Choosing An Inspector
The way it typically works in Texas is that any offer you make on a home will include an unconditional right to terminate the contract for a given period of time (generally seven to ten days). This is called the "option period."
The primary purpose of the option period is to allow you to get whatever inspections done that will give you the confidence to move forward with the purchase.
You certainly ask your Realtor for recommendations - but expect to get a list in response. Most agents want to avoid any appearance of collusion in this process.
Do your own research. In today's Internet age, you can find out a lot of information about just anyone offering a professional service. Probably the two most important things to look for are:
- Is the inspector licensed (in Texas, licensing is by the Texas Real Estate Commission); and
- Is the inspector insured?
Their website should provide this information. When in doubt, ask. If the prospective inspector is hesitant, at all, about providing answers, just move on. Quickly. There are lots of other choices.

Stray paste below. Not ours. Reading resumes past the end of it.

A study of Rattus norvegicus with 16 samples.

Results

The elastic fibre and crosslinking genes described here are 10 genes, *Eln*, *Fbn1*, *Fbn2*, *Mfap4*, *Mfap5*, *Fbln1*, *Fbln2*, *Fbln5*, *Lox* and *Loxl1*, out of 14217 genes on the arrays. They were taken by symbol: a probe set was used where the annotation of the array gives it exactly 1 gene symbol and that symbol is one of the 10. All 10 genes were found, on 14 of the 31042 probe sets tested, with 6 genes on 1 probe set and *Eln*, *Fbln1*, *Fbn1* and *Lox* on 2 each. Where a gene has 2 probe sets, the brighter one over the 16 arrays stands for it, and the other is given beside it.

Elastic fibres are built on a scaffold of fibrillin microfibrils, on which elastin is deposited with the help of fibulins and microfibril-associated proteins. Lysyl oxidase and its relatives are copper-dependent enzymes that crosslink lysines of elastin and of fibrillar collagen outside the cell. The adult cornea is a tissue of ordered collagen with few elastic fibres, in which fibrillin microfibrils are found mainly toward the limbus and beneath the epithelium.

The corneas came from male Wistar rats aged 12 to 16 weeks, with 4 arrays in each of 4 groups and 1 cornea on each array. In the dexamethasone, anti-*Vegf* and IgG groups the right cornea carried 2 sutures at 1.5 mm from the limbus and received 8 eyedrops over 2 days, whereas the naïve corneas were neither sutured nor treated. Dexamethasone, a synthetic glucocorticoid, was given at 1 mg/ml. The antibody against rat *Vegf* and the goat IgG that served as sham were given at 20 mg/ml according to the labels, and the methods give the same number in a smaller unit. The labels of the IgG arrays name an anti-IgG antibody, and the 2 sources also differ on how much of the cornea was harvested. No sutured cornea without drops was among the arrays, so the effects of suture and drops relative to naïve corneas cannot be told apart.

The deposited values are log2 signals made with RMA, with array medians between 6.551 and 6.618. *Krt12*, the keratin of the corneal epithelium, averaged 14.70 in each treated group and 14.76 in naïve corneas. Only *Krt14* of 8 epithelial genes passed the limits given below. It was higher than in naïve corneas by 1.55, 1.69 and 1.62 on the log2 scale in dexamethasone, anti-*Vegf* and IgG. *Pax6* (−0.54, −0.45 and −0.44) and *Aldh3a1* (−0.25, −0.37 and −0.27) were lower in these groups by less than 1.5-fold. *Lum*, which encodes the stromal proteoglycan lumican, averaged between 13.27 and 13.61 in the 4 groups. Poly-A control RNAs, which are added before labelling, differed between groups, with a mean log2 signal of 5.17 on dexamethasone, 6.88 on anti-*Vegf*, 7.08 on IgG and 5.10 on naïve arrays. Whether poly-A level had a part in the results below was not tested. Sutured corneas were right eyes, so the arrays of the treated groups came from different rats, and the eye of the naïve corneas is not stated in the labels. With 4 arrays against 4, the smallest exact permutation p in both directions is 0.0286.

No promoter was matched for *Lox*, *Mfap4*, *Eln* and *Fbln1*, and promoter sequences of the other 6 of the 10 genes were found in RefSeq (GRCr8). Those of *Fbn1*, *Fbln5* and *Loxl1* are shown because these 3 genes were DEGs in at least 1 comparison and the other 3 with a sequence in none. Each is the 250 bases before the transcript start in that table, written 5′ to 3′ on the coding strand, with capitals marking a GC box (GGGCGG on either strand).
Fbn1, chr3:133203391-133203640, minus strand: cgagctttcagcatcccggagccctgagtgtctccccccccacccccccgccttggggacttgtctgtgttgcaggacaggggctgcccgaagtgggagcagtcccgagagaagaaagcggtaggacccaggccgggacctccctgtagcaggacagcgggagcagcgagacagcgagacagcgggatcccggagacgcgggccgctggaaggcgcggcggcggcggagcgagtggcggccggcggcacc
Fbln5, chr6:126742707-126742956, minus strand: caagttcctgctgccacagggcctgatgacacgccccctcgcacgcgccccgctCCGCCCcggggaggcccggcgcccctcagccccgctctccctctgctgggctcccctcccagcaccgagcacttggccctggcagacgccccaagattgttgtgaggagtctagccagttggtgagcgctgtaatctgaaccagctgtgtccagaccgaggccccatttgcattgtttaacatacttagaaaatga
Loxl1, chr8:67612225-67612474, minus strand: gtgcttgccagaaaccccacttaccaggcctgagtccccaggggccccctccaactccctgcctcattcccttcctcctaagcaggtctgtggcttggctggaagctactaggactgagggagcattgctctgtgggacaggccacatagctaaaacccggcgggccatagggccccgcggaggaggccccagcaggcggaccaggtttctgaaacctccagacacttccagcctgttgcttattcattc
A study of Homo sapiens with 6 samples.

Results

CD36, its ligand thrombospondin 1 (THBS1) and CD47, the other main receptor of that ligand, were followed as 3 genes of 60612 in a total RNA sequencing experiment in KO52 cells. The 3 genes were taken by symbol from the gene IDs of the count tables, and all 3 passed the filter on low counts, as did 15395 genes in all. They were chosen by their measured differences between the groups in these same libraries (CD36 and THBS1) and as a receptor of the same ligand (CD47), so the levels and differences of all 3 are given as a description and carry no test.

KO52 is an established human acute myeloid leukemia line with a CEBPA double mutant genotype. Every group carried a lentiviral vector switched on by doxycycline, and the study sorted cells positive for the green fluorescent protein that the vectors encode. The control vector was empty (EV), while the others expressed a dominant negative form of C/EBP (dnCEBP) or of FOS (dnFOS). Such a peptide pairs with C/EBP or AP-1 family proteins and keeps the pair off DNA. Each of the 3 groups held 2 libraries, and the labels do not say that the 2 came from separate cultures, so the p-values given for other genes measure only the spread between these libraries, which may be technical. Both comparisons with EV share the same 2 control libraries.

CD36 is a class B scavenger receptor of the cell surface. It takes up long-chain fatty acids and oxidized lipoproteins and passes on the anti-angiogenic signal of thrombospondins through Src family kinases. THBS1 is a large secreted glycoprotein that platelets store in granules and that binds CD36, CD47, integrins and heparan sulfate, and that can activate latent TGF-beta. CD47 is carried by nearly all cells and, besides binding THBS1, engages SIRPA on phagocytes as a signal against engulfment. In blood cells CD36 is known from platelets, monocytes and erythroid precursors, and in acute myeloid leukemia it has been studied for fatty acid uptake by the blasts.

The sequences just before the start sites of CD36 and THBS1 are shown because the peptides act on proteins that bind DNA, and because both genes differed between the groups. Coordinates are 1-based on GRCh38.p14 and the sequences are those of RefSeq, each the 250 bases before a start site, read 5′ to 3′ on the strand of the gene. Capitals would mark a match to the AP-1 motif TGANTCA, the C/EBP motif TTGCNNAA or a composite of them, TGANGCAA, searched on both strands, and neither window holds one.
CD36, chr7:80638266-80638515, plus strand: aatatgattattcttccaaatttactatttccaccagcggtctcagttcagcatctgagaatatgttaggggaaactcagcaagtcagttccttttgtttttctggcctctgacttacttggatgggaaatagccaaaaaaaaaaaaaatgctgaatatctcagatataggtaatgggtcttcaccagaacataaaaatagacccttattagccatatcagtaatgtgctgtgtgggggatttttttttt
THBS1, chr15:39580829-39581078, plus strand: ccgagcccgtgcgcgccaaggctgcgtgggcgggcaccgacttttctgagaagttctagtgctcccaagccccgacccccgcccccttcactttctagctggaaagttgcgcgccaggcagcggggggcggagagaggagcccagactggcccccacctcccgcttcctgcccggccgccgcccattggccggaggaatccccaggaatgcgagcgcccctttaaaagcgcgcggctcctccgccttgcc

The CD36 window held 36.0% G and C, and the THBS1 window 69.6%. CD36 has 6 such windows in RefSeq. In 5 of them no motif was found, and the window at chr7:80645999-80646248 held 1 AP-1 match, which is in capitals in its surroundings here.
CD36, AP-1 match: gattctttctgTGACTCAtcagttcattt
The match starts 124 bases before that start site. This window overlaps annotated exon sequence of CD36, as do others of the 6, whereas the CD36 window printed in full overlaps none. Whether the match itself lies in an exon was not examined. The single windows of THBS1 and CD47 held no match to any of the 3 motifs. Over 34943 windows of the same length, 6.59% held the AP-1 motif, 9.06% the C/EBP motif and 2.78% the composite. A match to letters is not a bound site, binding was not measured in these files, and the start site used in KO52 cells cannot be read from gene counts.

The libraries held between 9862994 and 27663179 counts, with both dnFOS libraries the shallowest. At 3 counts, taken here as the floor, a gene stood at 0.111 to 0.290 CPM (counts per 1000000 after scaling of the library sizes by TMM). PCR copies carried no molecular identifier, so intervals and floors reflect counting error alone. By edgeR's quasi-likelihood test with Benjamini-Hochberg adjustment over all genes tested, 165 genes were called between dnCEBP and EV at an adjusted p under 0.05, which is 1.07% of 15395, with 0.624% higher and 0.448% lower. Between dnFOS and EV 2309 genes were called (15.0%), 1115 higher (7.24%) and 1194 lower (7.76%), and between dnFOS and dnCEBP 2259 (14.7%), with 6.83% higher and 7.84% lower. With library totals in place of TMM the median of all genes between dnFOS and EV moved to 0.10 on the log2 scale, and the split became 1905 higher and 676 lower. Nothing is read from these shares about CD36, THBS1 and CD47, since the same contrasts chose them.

Once You Have an Inspector, Then What?
The inspector will schedule an appointment for the inspection with the seller's agent. Your agent will let you know when it will take place.
The inspection will take about three hours, give or take. If possible, meet the inspector at the property - at least for the last part of the inspection. While you'll receive a written report, being able to walk through the home with the inspector and have him point things out to you is invaluable.
A professional inspector knows where to look. He'll get on the roof; he'll go under the house into the crawlspace (if your house is pier-and-beam construction, of course.) He'll go into the attic. And he's trained to detect signs of problems, both existing and potential.
The inspection report will detail all of the systems of your home - plumbing, electrical, foundation, roof, structure, HVAC, kitchen appliances, and more. Most will have photographs and test results.
So, What Good is a Report?
Like the old saying goes: knowledge is power. It's also peace of mind.
At the extremes, a glowing inspection report can completely set your mind at ease about the purchase and a horrible one can allow you to avoid getting trapped in a money pit. The truth is that most reports - even on newly constructed properties (more on that subject in a minute) fall somewhere in between.
No matter what, knowing what the problems are puts you in the position to make choices.
Can the situation be repaired? If so, how much will it cost?
Is the seller willing to reduce the price of the house to offset the cost of repair? Or, perhaps, make the repair before closing?
Your realtor likely has had clients in the same or similar situations many times and can help guide you through this process. (
Another reason buyers need an agent!)